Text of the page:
POLITICS

The First National Monument To Survivors Of Sexual Violence Is Now On Display

The Monument Quilt features thousands of stories of gender-based violence and will be featured on the National Mall in Washington, D.C., this weekend.
The Monument Quilt displayed on the National Mall in front of the White House in Washington, D.C.
The Monument Quilt displayed on the National Mall in front of the White House in Washington, D.C.

The first national monument honoring survivors of sexual and intimate partner violence is coming to the country’s capital this weekend. 

The Monument Quilt features a collection of over 3,000 stories of sexual assault and domestic violence written, painted and stitched into red fabric by survivors and allies. The quilt, created by the the Baltimore-based organization FORCE: Upsetting Rape Culture, was constructed over the past six years as organizers traveled to 49 states and 33 cities in the U.S. and Mexico, where parts of the quilt were displayed.

This weekend, the quilt will be displayed in its entirety on the National Mall in Washington, D.C., from May 31 to June 2. In its entirety, the Monument Quilt will read “You are not alone,” in both English and Spanish.

It will be featured on the National Mall starting at 4 p.m. EST on Friday.

“D.C. has many monuments, but not one for survivors of sexual and intimate partner violence,” organizer Lorena Kourousias told HuffPost. “By blanketing the national mall, we are asking for space for survivors to heal.” 

The quilt contains a diverse group of stories including testimonies from women of color, trans and gender non-conforming folks, sex workers, First Nation communities, child sexual abuse survivors and many more.

A swatch from the Monument Quilt, the first national monument to survivors of sexual and intimate partner violence. 
A swatch from the Monument Quilt, the first national monument to survivors of sexual and intimate partner violence. 

Organizer Kalima Young told HuffPost capturing a diverse set of stories was one of their key goals because conversations surrounding gender-based violence “often exclude some of the most marginalized voices that experience it the most.”

Each swatch of the quilt, some written in English and others in Spanish, brings a unique message. Some parts of the quilt share stories of sexual and intimate partner violence, while others feature empowering messages of hope. Some parts of the quilt are stitched in remembrance of friends who died by gender-based violence, and other parts share messages of despair. 

“For every black woman who reports her rape, at least 15 black women do not report,” one part of the quilt reads.

Another part of the Monument Quilt reads: “No soy tuya, soy mía,” which translates from Spanish to: “I’m not yours, I’m mine.” 

One swatch of the quilt simply reads: “He goes to bed peacefully.”  

A swatch from the Monument Quilt, the first national monument to survivors of sexual and intimate partner violence. 
A swatch from the Monument Quilt, the first national monument to survivors of sexual and intimate partner violence. 

People interested in viewing a specific swatch of the quilt can find the location of the patch on the National Mall on the Monument Quilt’s website. (Find the patch you’d like to view and click on it; the corresponding zone and block number will appear.)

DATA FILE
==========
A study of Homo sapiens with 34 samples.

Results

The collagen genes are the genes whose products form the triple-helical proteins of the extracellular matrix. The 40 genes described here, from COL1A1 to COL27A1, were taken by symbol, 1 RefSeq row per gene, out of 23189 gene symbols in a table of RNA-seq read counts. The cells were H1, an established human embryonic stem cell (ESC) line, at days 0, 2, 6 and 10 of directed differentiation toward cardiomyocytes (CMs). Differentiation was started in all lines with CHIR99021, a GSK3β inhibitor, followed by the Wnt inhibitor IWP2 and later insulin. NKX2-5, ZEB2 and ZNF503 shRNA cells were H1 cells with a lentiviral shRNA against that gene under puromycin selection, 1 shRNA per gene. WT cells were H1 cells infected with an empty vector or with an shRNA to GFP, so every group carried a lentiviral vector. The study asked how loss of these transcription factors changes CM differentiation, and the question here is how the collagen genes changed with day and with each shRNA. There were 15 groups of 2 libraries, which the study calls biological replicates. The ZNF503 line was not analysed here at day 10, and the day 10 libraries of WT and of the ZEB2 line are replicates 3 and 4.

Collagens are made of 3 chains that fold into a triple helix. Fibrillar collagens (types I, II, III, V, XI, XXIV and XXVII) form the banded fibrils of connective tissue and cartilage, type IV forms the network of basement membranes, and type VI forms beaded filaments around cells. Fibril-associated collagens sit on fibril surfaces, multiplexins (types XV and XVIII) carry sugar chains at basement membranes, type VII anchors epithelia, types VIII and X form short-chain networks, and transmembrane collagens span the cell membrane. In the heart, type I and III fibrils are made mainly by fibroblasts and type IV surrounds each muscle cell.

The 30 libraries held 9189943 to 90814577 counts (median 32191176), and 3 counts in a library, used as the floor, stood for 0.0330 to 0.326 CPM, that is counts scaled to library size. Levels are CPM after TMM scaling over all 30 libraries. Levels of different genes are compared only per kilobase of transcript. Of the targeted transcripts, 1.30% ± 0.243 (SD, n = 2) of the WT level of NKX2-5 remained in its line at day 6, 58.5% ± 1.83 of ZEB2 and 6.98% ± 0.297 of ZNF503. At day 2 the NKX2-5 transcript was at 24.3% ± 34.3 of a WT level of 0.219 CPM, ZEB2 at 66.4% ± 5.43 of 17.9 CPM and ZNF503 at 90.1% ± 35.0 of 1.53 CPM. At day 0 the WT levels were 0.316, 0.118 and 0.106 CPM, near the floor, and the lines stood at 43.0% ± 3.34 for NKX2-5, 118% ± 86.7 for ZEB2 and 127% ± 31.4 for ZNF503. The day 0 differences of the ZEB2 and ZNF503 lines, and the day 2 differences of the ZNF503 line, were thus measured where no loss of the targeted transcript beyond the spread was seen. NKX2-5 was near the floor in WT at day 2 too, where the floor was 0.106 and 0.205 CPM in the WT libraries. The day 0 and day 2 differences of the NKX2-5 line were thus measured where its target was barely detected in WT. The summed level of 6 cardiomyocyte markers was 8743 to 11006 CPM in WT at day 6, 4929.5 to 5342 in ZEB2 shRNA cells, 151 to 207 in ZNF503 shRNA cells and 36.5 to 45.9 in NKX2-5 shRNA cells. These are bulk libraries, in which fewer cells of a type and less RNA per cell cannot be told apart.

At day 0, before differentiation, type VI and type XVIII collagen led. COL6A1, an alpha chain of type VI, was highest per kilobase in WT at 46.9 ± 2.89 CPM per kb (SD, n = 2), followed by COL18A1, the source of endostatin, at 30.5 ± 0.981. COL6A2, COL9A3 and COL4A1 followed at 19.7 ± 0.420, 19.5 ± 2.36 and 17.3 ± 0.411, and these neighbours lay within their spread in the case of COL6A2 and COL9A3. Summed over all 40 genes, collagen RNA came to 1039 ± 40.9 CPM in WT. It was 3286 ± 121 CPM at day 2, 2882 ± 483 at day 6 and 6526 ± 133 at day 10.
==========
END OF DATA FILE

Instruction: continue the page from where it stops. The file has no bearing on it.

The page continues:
Young said that she hopes people viewing the quilt this weekend realize that gender-based violence is an epidemic. Every 92 seconds someone in the U.S. is sexually assaulted, according to the Rape, Abuse & Incest National Network. And people in the LGBTQIA community, specifically trans women of color, are at a higher risk than others of experiencing gender-based violence. 

“I want people to understand that we are in a crisis point,” Young said. “I want people to feel the urgency and to self-reflect on the ways that they have participated or colluded with a culture of rape.”

Kourousias said that she believes the Monument Quilt will be a “transformative space” for survivors and viewers alike. 

Both Kourousias and Young agreed that they hope everyone takes away one very important message from the Monument Quilt.  

“We want folks to understand that they’re not alone and they’re part of a community,” Young said. “As we say all the time: We hear you, we see you, we believe you and you are not alone. And that’s what we hope people experience when they see the quilt.”

Scroll below to see more swatches from the Monument Quilt. 

  • The Monument Quilt
  • The Monument Quilt
  • The Monument Quilt
  • The Monument Quilt
  • The Monument Quilt
  • The Monument Quilt
  • The Monument Quilt
  • The Monument Quilt
  • The Monument Quilt
  • The Monument Quilt
  • The Monument Quilt
  • The Monument Quilt
  • The Monument Quilt
  • The Monument Quilt
  • The Monument Quilt
  • The Monument Quilt
  • The Monument Quilt
  • The Monument Quilt
  • The Monument Quilt
  • The Monument Quilt
  • The Monument Quilt
  • The Monument Quilt

Head over to The Monument Quilt’s Facebook event page to learn more. 

Need help? Visit RAINN’s National Sexual Assault Online Hotline or the National Sexual Violence Resource Center’s website. In the U.S., call 1-800-799-SAFE (7233) for the National Domestic Violence Hotline.